Every year during flu season, millions of people will get sick, and several populations such as elderly individuals and small children will be at high risk for complications that could lead to hospitalization. The flu vaccine is the best defense against the flu, but it is inherently problematic, because a new vaccine must be developed every year. In the past, there have also been issues of vaccine ineffectiveness and shortages that have left thousands of people unprotected. There may be new hope on the horizon for flu vaccination, however, as groundbreaking research may pave the way to a universal, single-use vaccine that can protect against a wider range of flu strains.
Current flu vaccine manufacturing
A big problem that exists with the seasonal flu is that the virus is always rapidly evolving, so a new vaccine must be distributed each year. Every year scientists take their best guess on which strains of flu will circulate during the winter months, and the annual vaccine is designed to offer protection against those strains. While this can be effective when scientists get it right, there are times when a particular strain emerges unexpectedly. In 2014, for example, the annual vaccine fell short of total protection, causing an influx of hospital visits related to influenza.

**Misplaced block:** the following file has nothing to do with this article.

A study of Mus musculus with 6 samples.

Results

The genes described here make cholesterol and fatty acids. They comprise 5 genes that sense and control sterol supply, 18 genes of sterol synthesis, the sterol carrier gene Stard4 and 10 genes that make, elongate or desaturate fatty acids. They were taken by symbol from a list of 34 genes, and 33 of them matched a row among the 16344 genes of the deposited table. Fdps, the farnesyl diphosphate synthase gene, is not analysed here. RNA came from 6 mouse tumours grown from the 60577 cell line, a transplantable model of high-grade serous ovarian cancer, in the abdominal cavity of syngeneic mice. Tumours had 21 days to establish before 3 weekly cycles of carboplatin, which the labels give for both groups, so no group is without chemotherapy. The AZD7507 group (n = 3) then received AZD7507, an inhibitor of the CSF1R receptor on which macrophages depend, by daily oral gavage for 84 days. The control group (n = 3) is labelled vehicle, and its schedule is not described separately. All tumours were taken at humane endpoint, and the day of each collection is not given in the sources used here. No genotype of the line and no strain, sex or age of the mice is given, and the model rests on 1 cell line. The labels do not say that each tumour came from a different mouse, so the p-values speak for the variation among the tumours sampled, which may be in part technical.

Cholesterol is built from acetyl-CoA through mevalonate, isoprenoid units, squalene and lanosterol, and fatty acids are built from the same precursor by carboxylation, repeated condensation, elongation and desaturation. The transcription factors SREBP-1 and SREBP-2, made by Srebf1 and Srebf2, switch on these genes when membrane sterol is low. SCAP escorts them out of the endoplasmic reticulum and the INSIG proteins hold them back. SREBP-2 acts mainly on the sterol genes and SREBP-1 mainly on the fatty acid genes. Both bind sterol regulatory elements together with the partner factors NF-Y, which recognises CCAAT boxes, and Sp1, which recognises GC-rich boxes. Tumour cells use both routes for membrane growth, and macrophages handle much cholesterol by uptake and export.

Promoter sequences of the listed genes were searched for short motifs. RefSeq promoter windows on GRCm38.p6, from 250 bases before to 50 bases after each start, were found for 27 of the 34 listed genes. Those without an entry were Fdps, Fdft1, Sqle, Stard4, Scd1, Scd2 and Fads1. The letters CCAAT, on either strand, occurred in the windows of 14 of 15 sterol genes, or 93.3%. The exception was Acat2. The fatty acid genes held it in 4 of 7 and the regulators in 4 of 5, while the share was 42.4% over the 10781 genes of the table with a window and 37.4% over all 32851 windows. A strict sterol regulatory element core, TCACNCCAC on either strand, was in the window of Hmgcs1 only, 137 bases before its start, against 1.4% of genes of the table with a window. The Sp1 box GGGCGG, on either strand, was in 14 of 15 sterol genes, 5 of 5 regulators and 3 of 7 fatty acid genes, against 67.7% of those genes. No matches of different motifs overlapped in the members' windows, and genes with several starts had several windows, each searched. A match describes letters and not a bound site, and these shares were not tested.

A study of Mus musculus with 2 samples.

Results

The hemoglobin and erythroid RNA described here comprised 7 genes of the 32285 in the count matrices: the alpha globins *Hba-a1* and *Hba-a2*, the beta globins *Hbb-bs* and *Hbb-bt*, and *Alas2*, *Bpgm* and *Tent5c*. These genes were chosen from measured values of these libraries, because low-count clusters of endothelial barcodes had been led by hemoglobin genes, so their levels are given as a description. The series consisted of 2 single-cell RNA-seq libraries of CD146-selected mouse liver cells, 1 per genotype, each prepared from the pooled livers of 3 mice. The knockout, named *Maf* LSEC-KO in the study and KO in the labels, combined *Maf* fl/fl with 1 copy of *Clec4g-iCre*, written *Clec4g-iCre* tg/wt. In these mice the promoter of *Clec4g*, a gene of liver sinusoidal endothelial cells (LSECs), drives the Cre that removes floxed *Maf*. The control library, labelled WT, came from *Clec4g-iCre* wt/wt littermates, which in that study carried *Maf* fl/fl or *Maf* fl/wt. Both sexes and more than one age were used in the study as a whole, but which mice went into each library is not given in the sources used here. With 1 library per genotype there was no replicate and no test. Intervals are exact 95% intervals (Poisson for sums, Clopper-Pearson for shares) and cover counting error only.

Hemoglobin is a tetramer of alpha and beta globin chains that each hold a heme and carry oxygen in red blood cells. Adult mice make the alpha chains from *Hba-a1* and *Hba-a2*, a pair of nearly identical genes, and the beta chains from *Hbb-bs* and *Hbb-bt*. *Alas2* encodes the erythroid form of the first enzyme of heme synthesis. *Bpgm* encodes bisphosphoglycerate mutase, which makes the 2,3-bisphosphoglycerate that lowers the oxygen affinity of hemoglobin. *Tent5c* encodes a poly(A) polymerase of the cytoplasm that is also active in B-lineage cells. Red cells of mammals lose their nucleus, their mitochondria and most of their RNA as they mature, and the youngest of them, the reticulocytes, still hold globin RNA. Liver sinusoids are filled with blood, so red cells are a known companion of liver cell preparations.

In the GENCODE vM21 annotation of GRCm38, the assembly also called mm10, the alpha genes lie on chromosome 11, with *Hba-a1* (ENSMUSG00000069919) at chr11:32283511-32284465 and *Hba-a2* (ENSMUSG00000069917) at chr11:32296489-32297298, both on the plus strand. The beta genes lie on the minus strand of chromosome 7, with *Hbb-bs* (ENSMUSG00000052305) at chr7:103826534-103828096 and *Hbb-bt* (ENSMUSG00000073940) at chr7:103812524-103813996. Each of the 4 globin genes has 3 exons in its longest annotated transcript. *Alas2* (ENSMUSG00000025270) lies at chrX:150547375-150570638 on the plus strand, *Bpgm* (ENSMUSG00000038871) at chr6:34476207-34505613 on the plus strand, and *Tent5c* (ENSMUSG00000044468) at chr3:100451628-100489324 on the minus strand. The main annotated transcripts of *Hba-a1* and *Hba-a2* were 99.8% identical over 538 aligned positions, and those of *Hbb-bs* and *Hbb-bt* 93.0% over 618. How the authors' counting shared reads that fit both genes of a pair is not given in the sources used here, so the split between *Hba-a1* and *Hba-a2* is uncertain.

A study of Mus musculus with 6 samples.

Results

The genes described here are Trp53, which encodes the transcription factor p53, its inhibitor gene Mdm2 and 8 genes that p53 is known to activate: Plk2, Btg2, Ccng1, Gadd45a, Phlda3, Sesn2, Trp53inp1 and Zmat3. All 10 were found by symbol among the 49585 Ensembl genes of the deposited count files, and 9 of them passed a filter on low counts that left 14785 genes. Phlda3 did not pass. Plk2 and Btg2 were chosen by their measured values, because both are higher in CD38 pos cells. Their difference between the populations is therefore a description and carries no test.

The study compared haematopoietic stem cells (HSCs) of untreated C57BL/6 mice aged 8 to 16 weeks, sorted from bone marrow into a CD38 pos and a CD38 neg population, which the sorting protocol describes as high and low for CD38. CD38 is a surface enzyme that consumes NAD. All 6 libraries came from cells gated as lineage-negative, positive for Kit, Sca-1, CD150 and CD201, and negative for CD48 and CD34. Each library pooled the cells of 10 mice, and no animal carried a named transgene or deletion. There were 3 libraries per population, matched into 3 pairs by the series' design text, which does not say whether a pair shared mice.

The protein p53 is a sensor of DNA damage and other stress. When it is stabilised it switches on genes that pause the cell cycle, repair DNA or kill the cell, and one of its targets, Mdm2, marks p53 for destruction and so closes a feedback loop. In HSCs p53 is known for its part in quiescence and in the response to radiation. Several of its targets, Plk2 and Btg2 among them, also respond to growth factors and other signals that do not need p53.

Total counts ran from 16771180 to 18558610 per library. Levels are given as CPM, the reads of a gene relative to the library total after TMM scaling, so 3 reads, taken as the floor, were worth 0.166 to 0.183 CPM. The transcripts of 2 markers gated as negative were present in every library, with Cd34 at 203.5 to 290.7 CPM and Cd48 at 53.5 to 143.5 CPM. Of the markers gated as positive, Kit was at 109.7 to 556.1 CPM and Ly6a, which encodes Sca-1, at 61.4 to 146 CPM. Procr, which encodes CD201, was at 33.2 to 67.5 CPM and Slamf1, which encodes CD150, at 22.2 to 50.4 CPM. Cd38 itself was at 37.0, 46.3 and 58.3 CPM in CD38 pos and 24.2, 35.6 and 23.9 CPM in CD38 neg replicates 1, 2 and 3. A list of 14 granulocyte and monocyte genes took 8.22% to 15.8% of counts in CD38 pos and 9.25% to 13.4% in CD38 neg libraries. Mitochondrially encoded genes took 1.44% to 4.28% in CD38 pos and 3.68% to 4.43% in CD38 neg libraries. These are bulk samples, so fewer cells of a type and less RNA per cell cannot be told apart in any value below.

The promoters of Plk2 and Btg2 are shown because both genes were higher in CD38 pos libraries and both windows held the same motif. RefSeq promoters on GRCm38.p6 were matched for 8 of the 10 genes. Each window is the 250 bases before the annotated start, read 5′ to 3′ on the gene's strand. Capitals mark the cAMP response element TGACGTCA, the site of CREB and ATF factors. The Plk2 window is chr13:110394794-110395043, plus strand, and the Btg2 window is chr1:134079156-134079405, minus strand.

First steps in universal vaccination
There are many parts of the flu virus, and historically, scientists have focused on a spike-shaped structure called hemagglutinin, or the H in the name of any given flu strain. The head of the H structure can mutate quickly, but the neck of this structure is more hidden and mutates slowly. This neck is the target of future vaccines that might have the potential to give broader protection for a longer period of time. While this discovery is only the first step in developing a widely distributed vaccine, it could be a monumental step in the future of flu prevention.
Flu season preparation guidelines
With 2015’s flu season right around the corner, you will want to start thinking about the best methods of preventing the spread of the virus. In addition to getting yourself and your family vaccinated, you’ll want to utilize proper handwashing techniques and keep common areas clean and sanitized to stop the flu from spreading. You might also boost your immune system with more fresh fruits and veggies, and be sure to stay home when you do get sick to protect those around you.
Telemedicine has been a great breakthrough in flu treatment, because it can allow you to stay home while you get the care you need to get better faster. If you come down with the flu this year, be sure to contact MeMD for your care from the convenience of home.